It’s been some time since I made this felt embroidery. I’ve made several other projects since and thought I would share one of the lessons I’ve learned to make things easier.
When I made this felt flower, I started by cutting out a matched pair of the green background pieces. I set the back off to the side while I embroidered and adorned the front.
Problem was, when I went to put the two pieces back together, they were no longer the same shape and size. The one I have been working with had mysteriously gotten bigger and out of shape.
Of course, it wasn’t much of a mystery as to what had happened. Part of the reason felt is so much fun to work with is the way it doesn’t fray. But, in exchange for not fraying, felt is easily stretched and can almost disintegrate when the pieces are cut too small.
An embroidery hoop will keep your felt embroidery from stretching out of shape. No, I’m not saying to put the felt in the hoop – one it’s too thick and two it will simply stretch out of shape in new and interesting ways.
Take a piece of scrap fabric and put it snugly in your hoop. You want it to be tight like a drum. Depending upon your fabric choice, you might need to use more than one layer to get the fabric tight enough. I used some sheet-like cotton fabric that’s been lingering in my too big a piece to throw out but not nice enough to use for a project where it’s seen pile. (Aw c’mon admit it, you’ve got a few pieces of fabric like that in your stash somewhere.)
Once the fabric is as tight as it can be in the hoop, I simply laid my felt piece on the fabric and stitched through both the felt and the fabric in the hoop.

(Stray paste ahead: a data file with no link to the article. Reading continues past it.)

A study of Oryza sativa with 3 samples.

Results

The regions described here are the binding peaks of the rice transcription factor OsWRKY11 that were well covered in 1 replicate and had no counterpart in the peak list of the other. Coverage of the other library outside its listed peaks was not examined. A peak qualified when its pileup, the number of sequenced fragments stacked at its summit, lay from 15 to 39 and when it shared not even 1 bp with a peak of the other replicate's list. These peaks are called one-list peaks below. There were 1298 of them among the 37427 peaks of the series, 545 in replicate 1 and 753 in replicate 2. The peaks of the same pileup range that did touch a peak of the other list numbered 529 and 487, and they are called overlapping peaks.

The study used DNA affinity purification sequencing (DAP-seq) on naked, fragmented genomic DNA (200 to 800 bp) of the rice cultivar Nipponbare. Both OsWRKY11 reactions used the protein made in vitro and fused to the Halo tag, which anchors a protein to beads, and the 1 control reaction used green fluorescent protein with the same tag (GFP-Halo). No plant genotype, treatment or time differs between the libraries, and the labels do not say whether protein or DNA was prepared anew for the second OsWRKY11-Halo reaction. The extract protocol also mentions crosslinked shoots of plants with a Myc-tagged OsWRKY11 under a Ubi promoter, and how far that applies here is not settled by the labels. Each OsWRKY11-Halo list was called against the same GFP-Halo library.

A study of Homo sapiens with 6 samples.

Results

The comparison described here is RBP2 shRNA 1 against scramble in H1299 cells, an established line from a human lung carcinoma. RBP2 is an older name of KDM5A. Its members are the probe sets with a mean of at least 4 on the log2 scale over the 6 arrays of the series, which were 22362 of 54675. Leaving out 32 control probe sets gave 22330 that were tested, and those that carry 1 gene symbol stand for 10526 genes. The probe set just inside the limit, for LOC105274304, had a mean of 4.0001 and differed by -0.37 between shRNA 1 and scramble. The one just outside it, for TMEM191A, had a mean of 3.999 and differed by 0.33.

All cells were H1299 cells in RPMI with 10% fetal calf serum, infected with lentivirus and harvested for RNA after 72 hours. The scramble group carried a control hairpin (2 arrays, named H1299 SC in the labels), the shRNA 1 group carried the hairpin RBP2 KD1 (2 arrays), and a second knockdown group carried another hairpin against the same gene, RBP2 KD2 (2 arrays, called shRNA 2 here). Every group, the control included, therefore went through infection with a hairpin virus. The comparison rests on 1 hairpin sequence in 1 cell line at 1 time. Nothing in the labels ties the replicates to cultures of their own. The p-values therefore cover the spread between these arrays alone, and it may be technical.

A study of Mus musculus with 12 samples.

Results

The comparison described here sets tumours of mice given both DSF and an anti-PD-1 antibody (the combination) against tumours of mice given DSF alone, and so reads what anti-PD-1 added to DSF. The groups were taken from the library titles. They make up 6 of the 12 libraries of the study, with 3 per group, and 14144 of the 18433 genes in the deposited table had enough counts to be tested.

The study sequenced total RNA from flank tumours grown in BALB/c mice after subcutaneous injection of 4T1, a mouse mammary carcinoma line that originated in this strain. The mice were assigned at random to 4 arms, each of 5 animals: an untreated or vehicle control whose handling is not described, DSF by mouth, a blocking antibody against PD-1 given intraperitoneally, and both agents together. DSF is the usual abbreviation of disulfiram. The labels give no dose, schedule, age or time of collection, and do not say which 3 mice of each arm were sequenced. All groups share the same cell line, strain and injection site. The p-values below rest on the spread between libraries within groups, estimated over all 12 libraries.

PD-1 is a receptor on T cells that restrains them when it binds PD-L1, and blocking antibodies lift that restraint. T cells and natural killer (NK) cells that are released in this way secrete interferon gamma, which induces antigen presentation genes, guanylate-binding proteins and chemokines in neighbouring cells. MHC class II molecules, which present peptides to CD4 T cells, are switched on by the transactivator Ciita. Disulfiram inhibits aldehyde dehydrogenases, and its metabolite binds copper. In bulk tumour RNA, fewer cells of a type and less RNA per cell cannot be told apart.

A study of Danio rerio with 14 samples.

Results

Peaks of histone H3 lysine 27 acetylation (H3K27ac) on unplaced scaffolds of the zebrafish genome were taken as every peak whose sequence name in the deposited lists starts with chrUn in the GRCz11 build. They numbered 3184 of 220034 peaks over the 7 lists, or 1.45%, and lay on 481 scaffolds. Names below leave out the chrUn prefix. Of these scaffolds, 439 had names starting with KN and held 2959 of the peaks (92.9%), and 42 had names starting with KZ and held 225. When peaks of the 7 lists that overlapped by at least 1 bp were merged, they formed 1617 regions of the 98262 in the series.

The trick to making this work is to not stitch any closer to the edge of the felt than about 1/4 of an inch. That way you can trim the fabric to a size smaller than the felt so that when you sandwich the embroidered piece of felt to the back piece of felt, the fabric won’t show.
Obviously, you would want to use a much smaller hoop than I am showing here if you were going to work with the pink heart I used.
In addition to keeping your felt embroidery from stretching, the second layer of fabric will help prevent your stitches from working through the less densely woven felt. I’ve had several knots work their way through the felt if I’ve tugged too hard when placing a bead. It also makes it easier to run the thread from one side of the felt to the other without the felt puckering. No more knotting and restarting on the other side of a small piece simply because the felt would collapse when the stitch is pulled taught.
I also found it added a bit of strength and heft to the pieces which would hopefully make them more able to stand up to long-term wear and tear or naughty kitties who think your felt pins were made for them to play with.
An added benefit of the extra layers is it helps to get bulky items to lay more flatly on the surface of the felt. In the case of my button project, I was able to get a button with a wired flower to lay flat on my piece simply by removing a bit of the felt and stitching the button directly onto the fabric base.
The pitfall to this method is that if you are making pins or other items for sale, it will add a bit of cost to your project. On the other hand, I have found it tremendously cut the amount of time I spent on the piece and significantly decreased the frustration factor. Besides, you can pick up old sheets and fabrics at thrift stores for super cheap. Just make sure the pattern isn’t so dark that it might show through your felt.